The World of Work by Harry Sherrard
Equality, Diversity and Inclusion
As an economic migrant myself – I was born and raised in Northern Ireland – equality, diversity and inclusion (EDI) is a subject on which I have abundant personal perspective. But from attending an English university at age 18, through Law School, to becoming a partner in a Sussex law firm, to establishing my own practice in 1999, I have had few negative experiences. By and large I have been accepted by and integrated into the Home Counties. So much so that an old friend recently discussed with me “our” prospects in the Six Nations; until I reminded him that I am not English!
But that does not apply to everyone, and many employees have experienced prejudice in the workplace. A matrix of anti-discrimination laws was consolidated into The Equality Act in 2010. This Act sets out a number of “protected characteristics” such as gender, ethnicity and disability, and gives legal protection to employees against detrimental treatment on those grounds.
A relatively recent addition to the anti-discrimination legislation was age. We are shortly to reach a milestone; 10 years since employees could be compulsorily retired. Employers used to be able to force workers to retire at 65 (known as the Default Retirement Age), but this law was scrapped in April 2011. Since then, employees can continue working, effectively indefinitely, unless the occupation has a retirement age set by other legislation, as is the case with pilots, for example.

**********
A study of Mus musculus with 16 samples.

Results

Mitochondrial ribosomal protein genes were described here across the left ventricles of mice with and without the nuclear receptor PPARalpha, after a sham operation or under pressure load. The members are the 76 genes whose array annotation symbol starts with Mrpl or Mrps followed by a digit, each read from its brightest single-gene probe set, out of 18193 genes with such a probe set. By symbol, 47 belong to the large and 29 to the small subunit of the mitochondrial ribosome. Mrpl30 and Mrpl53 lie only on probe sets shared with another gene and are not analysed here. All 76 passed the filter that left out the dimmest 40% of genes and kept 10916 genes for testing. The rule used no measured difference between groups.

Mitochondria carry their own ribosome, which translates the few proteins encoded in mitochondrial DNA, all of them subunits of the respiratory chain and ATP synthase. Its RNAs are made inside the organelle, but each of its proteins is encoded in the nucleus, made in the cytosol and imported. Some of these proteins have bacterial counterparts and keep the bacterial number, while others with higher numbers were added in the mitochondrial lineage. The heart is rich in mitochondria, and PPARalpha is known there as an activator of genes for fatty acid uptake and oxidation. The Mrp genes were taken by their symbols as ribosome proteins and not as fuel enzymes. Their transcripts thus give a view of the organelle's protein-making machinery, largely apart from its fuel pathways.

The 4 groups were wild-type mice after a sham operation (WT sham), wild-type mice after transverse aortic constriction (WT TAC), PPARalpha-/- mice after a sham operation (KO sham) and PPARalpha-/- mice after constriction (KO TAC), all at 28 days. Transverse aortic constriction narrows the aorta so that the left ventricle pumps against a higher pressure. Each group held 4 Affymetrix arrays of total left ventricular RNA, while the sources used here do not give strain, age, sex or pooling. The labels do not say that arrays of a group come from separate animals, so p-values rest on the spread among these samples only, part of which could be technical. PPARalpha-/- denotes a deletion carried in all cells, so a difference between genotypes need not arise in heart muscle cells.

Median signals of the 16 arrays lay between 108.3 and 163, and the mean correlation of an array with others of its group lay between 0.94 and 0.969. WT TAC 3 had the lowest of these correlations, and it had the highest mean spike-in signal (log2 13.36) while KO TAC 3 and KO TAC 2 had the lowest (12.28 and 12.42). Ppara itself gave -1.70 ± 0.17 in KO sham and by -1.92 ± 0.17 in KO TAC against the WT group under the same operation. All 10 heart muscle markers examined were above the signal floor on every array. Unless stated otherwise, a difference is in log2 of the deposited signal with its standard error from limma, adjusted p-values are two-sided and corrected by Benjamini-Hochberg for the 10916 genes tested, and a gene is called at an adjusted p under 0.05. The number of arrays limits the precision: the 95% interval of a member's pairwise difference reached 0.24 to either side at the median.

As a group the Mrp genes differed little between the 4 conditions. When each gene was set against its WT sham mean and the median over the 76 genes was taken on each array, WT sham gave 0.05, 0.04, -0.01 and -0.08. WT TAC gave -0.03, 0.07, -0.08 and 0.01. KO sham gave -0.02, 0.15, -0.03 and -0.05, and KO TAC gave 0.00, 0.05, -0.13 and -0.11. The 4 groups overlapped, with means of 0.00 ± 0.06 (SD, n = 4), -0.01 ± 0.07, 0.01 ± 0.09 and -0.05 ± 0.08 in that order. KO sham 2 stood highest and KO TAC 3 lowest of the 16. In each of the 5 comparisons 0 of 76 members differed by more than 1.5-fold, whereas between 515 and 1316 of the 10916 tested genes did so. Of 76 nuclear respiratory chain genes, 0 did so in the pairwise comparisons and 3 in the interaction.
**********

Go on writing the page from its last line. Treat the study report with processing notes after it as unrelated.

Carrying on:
As always when there is a change in the law, there is concern and indeed some resistance. I recall employers 10 years ago expressing concern that employees older than 65 would have neither the physical capacity nor the ambition to be as productive as younger colleagues. In those conversations I took to reminding clients that Sir Winston Churchill first became Prime Minister in May 1940 shortly before his 66th birthday! As a 65 year old, his best years were still in front of him.
Attitudes to age have certainly changed over recent decades. The miners’ strike of 1984 took place when I was at university. The miners’ leader, Arthur Scargill, ardent trade unionist and doyen of workers’ rights, disparagingly referred to the Chairman of the National Coal Board, the 72 year old Ian MacGregor, as “the elderly American” and said that “I am not prepared to accept the imposition of a pensioner from the United States”. Back then, no-one took much notice, but today those remarks would be considered both ageist and racist.
Perhaps influenced by this, Ian MacGregor later became an active campaigner against ageism in employment, and he was still working aged 85 when he died. Part of his legacy is that, like him, employees can now choose to work on into later life if they choose to do so.
At Sherrards we offer an extensive catalogue of training with courses tailored to many issues that organisations face and are delighted to announce that we are offering a 2.5 hour, online training course on Equality, Diversity and Inclusion. If you would like further information on the training or any of the topics detailed in this blog please email firstname.lastname@example.org.